Cultural politicking exists at the internal, inter-personal, inter-ethnic, inter-state and universal levels. Nested within one another, a conflict that arises at one level quickly spreads to all the levels.
As a person of Malaysian-Chinese and English parentage, I notice that the liberty with which various Malaysians “practise the nation” is an increasing source of anxiety among the Malay-Muslim majority.
Part I of this thesis shone a light on three influential worldviews among Malaysian minority groups—Hinduism, Buddhism and Confucianism—that advise on how to reconcile one’s everyday troubles with grander purposes. Actionable prototypes sought to introduce users to the “spatiality” as well as the “historicality” and “sociality” of complex worldviews (Soja 1996). Henri Lefebvre’s (1991) place-making terminology—“spatial practices”, “representations of space” and “representational space”—also shaped my understanding of the on-going contestation in Malaysia over literal and metaphorical ownership of land.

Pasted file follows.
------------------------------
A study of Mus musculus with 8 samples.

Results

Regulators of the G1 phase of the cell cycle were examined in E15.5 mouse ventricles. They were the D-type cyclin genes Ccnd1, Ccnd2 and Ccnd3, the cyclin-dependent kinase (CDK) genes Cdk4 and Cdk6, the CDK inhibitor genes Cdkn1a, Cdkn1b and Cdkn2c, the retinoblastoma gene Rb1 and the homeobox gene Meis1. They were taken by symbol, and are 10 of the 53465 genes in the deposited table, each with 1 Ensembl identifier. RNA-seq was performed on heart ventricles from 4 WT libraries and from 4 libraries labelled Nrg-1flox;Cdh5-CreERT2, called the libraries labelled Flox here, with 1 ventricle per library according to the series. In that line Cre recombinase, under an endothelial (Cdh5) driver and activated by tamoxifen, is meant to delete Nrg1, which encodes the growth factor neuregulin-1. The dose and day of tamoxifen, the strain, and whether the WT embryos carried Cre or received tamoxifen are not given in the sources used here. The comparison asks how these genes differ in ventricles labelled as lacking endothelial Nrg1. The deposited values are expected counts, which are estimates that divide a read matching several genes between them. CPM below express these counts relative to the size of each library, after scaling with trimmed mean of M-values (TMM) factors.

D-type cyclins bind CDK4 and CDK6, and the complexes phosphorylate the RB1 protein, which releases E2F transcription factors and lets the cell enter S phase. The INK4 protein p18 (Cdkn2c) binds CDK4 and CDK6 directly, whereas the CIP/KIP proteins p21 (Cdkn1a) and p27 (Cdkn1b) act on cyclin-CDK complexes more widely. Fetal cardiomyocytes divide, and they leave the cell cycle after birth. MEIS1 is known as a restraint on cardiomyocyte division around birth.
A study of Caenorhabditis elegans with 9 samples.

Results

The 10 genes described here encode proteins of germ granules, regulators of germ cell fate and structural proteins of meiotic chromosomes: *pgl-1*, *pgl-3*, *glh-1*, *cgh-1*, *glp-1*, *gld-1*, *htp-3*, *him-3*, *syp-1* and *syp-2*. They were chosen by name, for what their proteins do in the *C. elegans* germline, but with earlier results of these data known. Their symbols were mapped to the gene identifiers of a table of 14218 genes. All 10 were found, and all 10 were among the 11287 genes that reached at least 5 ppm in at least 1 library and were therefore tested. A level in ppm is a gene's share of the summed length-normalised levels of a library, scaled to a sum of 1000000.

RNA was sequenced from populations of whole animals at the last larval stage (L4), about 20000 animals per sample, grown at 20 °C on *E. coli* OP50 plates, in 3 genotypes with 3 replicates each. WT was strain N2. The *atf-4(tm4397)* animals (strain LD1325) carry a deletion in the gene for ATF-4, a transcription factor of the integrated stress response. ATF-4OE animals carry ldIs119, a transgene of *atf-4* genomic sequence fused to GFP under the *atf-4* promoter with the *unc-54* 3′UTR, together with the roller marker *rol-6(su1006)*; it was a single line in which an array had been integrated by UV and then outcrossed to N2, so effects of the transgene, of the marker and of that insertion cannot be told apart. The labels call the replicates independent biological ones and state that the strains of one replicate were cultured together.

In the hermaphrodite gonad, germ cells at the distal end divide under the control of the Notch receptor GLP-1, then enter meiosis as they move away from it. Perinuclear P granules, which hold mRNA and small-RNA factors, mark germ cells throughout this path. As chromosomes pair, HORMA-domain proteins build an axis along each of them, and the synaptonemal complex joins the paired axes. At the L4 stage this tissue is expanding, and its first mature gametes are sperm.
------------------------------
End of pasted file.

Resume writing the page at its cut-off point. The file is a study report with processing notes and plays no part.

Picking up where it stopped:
Part II of this thesis builds on Confucian principles of he (“harmony”), the “myriad things” and “way-seeking”. The result is an educative board game for students aged 11–12 in Malaysian state, vernacular and Islamic schools. Beyond promoting diversity at surface-level in terms of language and culture, the game requires effective communication within and between teams in order to accomplish common goals. Using the skills, mechanisms and courtesies of statecraft, students experience managing a field of “tension and cooperative opposition” (Li 2006).
“Kowtim!” is a Malaysian slang word derived from Cantonese. The verb means “to settle an issue”, and the exclamation says: “Done!”